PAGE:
On Wednesday, Gov. Roy Cooper signed SB 355 the The North Carolina Farm Act 2024 into law. This followed last week’s unanimous passing of the bill by the North Carolina General Assembly before they adjourned for the short session.

The Farm Act, SB 355, passed unanimously 104-0 in the House and 40-0 in the Senate. The bill was then sent to Gov. Roy Cooper for his signature or veto. 

“The conservation tax credit I proposed in my budget and passed into law with this bill will help us reach the goal I set of permanently conserving one million new acres of natural lands by 2040,”  said Gov. Cooper in a press release. “Protecting forests, wetlands, and farmlands makes us more resilient to climate hazards, reduces carbon in our atmosphere, promotes military readiness, and supports local economies.”

This is the first time that the Farm Act has unanimously passed the legislature since Sen. Brent Jackson, R-Bladen, took charge of guiding the legislation through the legislature. 

“I am honored to work on this legislation on behalf of North Carolina farmers,” said Jackson in a press release. “I am grateful to Rep. Jimmy Dixon and conferees Sen. Bill Rabon and Sen. Paul Newton for their work on this bill, as well as my colleagues in the General Assembly who unanimously approved this crucial piece of agricultural legislation. Agriculture is North Carolina’s No. 1 industry, and it is critical that we do all we can to support all the families who depend on agriculture to support their livelihood. We are all touched by agriculture daily, and this legislation shows the General Assembly’s commitment to protecting agriculture in North Carolina today and for generations to come.”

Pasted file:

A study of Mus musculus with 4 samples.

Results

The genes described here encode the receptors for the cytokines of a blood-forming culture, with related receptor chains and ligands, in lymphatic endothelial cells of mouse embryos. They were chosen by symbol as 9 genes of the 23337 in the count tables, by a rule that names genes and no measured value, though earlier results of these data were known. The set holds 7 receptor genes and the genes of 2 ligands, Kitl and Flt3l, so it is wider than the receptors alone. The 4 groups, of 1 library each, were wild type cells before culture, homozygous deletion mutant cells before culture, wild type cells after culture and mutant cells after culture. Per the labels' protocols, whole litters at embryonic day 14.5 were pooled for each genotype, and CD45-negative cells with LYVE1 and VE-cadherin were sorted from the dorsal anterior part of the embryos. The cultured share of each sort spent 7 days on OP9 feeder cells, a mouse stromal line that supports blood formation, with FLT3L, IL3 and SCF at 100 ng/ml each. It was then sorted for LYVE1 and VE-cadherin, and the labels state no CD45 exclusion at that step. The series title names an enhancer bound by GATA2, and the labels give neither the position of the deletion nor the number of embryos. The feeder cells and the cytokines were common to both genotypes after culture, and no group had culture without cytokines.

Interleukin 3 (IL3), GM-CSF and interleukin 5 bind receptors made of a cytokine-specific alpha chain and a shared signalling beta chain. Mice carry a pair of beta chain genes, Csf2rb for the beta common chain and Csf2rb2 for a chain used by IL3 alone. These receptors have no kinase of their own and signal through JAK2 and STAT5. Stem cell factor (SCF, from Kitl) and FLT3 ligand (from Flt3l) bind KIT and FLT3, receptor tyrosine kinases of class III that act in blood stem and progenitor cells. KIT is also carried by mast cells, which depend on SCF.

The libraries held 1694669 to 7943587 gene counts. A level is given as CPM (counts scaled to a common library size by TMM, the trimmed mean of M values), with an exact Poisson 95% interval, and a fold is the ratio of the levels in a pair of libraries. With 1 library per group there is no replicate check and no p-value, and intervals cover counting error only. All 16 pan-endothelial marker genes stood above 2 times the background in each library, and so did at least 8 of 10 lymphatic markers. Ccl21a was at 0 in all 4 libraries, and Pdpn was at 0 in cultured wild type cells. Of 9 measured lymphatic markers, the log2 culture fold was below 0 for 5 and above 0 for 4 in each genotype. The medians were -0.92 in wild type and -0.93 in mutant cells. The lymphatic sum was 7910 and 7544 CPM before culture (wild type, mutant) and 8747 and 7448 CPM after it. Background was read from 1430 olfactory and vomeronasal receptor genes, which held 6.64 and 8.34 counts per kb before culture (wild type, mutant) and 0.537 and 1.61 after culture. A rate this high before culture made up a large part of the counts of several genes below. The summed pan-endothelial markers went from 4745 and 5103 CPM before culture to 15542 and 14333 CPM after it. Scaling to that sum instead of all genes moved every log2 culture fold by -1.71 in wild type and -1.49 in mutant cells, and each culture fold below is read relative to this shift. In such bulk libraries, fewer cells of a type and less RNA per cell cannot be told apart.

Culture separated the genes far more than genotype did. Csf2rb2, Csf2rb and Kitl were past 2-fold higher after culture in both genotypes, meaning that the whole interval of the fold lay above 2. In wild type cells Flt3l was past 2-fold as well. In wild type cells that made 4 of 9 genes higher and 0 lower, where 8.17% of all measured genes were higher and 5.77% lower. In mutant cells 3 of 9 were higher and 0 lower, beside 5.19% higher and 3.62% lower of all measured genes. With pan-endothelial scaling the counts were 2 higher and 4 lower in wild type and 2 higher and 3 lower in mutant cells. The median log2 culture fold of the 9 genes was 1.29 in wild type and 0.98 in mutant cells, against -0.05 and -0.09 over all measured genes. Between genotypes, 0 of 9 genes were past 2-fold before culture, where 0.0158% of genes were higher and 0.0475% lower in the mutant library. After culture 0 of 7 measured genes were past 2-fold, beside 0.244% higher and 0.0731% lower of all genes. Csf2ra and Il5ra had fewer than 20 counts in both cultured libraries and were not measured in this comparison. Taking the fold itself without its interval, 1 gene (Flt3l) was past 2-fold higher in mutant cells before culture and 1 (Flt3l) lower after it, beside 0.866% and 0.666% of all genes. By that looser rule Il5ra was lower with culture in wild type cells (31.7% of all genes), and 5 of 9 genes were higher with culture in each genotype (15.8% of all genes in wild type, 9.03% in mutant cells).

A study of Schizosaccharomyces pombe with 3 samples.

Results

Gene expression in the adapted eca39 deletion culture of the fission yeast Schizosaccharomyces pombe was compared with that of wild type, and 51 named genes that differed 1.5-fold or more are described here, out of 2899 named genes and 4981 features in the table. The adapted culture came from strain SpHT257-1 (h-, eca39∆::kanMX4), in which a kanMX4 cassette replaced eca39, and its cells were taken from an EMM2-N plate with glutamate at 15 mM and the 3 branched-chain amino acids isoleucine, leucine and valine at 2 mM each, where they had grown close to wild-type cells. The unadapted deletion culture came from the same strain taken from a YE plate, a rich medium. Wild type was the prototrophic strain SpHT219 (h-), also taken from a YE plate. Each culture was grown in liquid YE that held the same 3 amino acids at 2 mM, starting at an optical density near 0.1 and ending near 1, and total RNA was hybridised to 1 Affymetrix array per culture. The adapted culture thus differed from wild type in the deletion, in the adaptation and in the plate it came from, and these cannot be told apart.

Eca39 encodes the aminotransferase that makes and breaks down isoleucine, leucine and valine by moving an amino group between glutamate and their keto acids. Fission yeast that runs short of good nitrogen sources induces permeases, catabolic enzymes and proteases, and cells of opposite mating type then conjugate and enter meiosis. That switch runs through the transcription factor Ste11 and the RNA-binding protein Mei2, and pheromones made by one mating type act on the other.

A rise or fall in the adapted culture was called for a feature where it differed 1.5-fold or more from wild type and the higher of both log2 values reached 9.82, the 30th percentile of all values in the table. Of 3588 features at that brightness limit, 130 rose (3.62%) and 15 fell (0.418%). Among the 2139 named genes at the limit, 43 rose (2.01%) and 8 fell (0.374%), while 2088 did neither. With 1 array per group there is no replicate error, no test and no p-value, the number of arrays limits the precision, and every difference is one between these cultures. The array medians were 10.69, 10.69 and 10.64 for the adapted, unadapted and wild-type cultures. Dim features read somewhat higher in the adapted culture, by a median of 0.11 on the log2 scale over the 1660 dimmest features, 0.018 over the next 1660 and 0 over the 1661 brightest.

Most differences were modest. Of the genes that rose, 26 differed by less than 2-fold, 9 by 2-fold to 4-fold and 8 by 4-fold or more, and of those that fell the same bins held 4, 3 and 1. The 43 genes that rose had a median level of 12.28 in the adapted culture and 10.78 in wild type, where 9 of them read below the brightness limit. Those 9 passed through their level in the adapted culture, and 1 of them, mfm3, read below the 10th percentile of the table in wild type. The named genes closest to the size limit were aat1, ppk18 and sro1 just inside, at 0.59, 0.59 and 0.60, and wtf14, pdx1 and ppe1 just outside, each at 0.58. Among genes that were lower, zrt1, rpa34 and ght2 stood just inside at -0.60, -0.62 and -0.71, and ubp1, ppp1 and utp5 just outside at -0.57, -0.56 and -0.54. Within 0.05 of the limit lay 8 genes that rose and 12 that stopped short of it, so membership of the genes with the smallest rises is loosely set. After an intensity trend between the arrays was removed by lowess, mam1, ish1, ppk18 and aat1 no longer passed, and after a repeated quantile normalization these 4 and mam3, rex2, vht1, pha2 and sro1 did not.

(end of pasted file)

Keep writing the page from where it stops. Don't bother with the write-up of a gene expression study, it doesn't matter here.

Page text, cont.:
The Farm Act includes provisions to reduce regulations that burden shellfish farmers and increase penalties for those who transport live, feral swine. It also includes provisions to extend general animal waste management system permits and to improve the NC Department of Agriculture and Consumer Services and the Department of Environmental Quality (DEQ). 

One noteworthy addition to the bill is that horses are now included in Section 1 covered under both (a) “Agriculture defined” and (b) “right to farm defense; nuisance actions.” These sections of the bill now include the raising, management care, boarding and training of horses. 

Another addition is in section 5.3, “a Type 1 compost facility” has been added to the section on the “right to farm defense; nuisance actions.”

A cost-sharing program for prescribed burns has also been added (section 8). “The purpose of the program shall be to support prescribed burns on privately owned forest lands…” according to the bill.

“The agriculture industry is a $111 billion a year industry,” Rep. Jeff Zenger, R-Forsyth. 
“It is the largest industry in the state of North Carolina, and it’s incumbent upon us and the General Assembly to do everything we can to continue to help that industry flourish.”